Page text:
Sources within the Liberal Democrats have told 5Pillars that Maajid Nawaz’s political career is “over” following revelations that he visited a strip club in July last year, writes Roshan Muhammed Salih.
The sources said that Lib Dem leader Nick Clegg himself considers Nawaz to be “finished” and thinks that his association with the party has done it “a lot of damage” within the Muslim community.
Clegg is thought to have never been enamoured with Nawaz who was championed instead by Lib Dem grandee Paddy Ashdown who himself was the subject of a newspaper sex scandal in the 1990s.
However, given that the deadline for parliamentary candidates has already passed the Lib Dems will allow Nawaz to continue his campaign for the Hampstead and Kilburn seat without putting any effort into actually winning it.
In fact, it’s thought that the national party will give little or no financial backing to Nawaz’s faltering campaign in a seat which is expected to be a close race between the Conservatives and Labour.
Lib Dem support
However, publicly at least the Lib Dems are supporting “their man.”
When contacted by 5Pillars the Lib Dem press office said that the strip club incident was “a private affair” and that he is “still our candidate for Hampstead and Kilburn.”
The press office refused to comment further on what the Lib Dems’ women supporters thought of Nawaz’s antics or whether the scandal had caused any ructions within the party itself.
Meanwhile, after a short break from his usual prolific tweeting activities Nawaz himself was putting on a brave face this morning.
He retweeted messages of support as well as a link to a video where he said he was not “a role model for anyone who is religious.” He also claimed that the Daily Mail had “hatchet-jobbed” him and “breached his privacy.”
Nawaz also seemed to go out of his way to make amends with his wife who he described as “hot,” and he satrically retweeted “Fallacio Hornblower” saying “you’ve gone up in my estimation.”
On Friday night the Islamic Human Rights Commission (IHRC) called on the Liberal Democrats to drop Maajid Nawaz as a parliamentary candidate after he was filmed “harassing” a stripper a few months before he got married last year..
Nawaz, who heads the “counter-extremism” think-tank the Quilliam Foundation, was the subject of a Daily Mail story which said he was filmed repeatedly trying to touch a naked lap dancer.
Married father-of-one Nawaz is said to have asked for two private sessions at a strip club in east London. Footage showed the prospective parliamentary candidate – who calls himself an advocate of women’s rights – attempting to touch her arms and thighs, which is against the venue’s policy.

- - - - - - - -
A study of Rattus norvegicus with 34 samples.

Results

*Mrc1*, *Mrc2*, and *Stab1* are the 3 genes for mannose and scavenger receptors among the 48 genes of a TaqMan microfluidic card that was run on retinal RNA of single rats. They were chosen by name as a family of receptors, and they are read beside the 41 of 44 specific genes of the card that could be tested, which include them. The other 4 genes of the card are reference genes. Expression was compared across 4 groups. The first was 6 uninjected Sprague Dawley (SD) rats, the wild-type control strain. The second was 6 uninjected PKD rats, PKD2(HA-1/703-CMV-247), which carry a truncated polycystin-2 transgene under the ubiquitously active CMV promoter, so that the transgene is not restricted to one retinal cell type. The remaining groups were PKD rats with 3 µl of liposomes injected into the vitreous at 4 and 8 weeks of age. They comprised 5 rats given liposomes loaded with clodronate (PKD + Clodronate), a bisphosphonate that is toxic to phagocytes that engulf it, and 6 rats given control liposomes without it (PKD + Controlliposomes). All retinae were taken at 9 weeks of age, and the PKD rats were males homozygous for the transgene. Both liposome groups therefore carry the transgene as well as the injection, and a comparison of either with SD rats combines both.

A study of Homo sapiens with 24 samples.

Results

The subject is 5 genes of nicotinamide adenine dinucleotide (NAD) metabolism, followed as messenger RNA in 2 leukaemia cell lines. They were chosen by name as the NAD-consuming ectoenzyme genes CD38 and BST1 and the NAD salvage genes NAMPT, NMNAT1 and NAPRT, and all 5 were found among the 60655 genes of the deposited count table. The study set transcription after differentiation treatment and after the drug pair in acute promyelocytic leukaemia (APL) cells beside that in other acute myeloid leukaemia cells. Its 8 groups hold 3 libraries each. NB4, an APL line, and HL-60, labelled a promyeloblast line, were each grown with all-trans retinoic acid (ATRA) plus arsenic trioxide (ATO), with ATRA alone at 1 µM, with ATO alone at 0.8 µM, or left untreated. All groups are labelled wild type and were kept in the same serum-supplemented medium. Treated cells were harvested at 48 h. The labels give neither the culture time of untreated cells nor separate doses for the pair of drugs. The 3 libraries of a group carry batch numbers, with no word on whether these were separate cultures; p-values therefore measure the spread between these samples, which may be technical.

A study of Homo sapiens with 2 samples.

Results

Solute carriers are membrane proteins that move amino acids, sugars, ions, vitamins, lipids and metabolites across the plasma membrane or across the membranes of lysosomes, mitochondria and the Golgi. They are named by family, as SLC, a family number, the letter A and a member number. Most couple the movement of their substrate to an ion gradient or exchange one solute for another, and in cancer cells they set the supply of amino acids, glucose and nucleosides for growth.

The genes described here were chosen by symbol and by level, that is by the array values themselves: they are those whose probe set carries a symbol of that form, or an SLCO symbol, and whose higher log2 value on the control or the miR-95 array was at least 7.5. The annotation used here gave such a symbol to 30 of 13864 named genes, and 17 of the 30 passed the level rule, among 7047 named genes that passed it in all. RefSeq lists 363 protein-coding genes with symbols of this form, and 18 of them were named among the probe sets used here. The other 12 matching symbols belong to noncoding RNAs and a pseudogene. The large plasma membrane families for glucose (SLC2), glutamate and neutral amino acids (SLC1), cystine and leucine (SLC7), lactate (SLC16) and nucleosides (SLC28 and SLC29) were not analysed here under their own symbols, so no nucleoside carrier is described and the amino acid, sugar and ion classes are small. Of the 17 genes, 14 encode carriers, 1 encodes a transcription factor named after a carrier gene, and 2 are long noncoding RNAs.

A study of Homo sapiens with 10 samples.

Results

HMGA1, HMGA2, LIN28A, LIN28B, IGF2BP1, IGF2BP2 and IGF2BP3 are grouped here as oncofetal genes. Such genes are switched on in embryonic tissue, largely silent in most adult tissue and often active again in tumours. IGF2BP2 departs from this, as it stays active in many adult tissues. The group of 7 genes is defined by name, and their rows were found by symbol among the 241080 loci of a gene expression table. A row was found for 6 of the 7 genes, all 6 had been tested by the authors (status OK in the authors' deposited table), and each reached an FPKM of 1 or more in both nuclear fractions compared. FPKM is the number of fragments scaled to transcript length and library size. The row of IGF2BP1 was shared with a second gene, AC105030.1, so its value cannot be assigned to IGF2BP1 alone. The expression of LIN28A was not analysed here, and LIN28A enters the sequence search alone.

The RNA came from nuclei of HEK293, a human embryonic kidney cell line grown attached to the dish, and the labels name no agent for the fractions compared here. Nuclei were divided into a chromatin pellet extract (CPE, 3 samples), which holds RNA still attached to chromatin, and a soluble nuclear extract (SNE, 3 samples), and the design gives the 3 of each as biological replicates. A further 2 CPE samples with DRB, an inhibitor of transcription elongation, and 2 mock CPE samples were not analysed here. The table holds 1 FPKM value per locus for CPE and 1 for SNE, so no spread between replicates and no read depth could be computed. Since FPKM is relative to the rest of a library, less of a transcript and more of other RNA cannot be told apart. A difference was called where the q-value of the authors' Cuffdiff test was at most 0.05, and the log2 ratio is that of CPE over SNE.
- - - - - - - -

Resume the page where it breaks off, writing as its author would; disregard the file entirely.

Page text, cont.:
Staff said Nawaz had been pestering the girl all night and his actions had been “outrageous.”
In the film, Nawaz can be seen repeatedly trying to make contact with the girl as she dances naked for him in a private room during two £20 lap dances. Manager Jay Shah, who witnessed Nawaz’s behaviour, said he was “very drunk” and bouncers threatened to throw him out several times.
A spokesman for Nawaz said he denied touching the dancer “inappropriately” and added that his reputation for advocating women’s rights was “in the context of Islamic extremism.” He said he had not been warned about his behaviour, and was not “out of control” through drink or breaching the rules.
The spokesman said: “The evening you refer to was our client’s stag night before his marriage. His best man took him to the gentleman’s club with the full knowledge of our client’s then future wife (now his wife).”
Since he established the Quilliam Foundation 8 years ago Nawaz has highlighted the growth of extremism amongst the British Muslim community while simultaneously down-playing the role of foreign policy and Islamophobia in radicalising Muslims.
He has been given a wide platform to disseminate his message – which chimes with that of the political and media establishment – by means of generous government funding for his organisation and huge mainstream media coverage.
A broad cross-section of opinion within the Muslim community has opposed Nawaz and his rhetoric over the past few years. Many consider him to be a vain attention-seeker whose voice has been artificially amplified by government finances, the BBC and the right-wing media.
Nawaz’s message of “Islamic extremism” and “Islamic reform” has also been trumpeted and exploited by Islamophobes such as the EDL, the Daily Mail and The Sun. In so doing many accuse him of stoking Islamophobia in this country.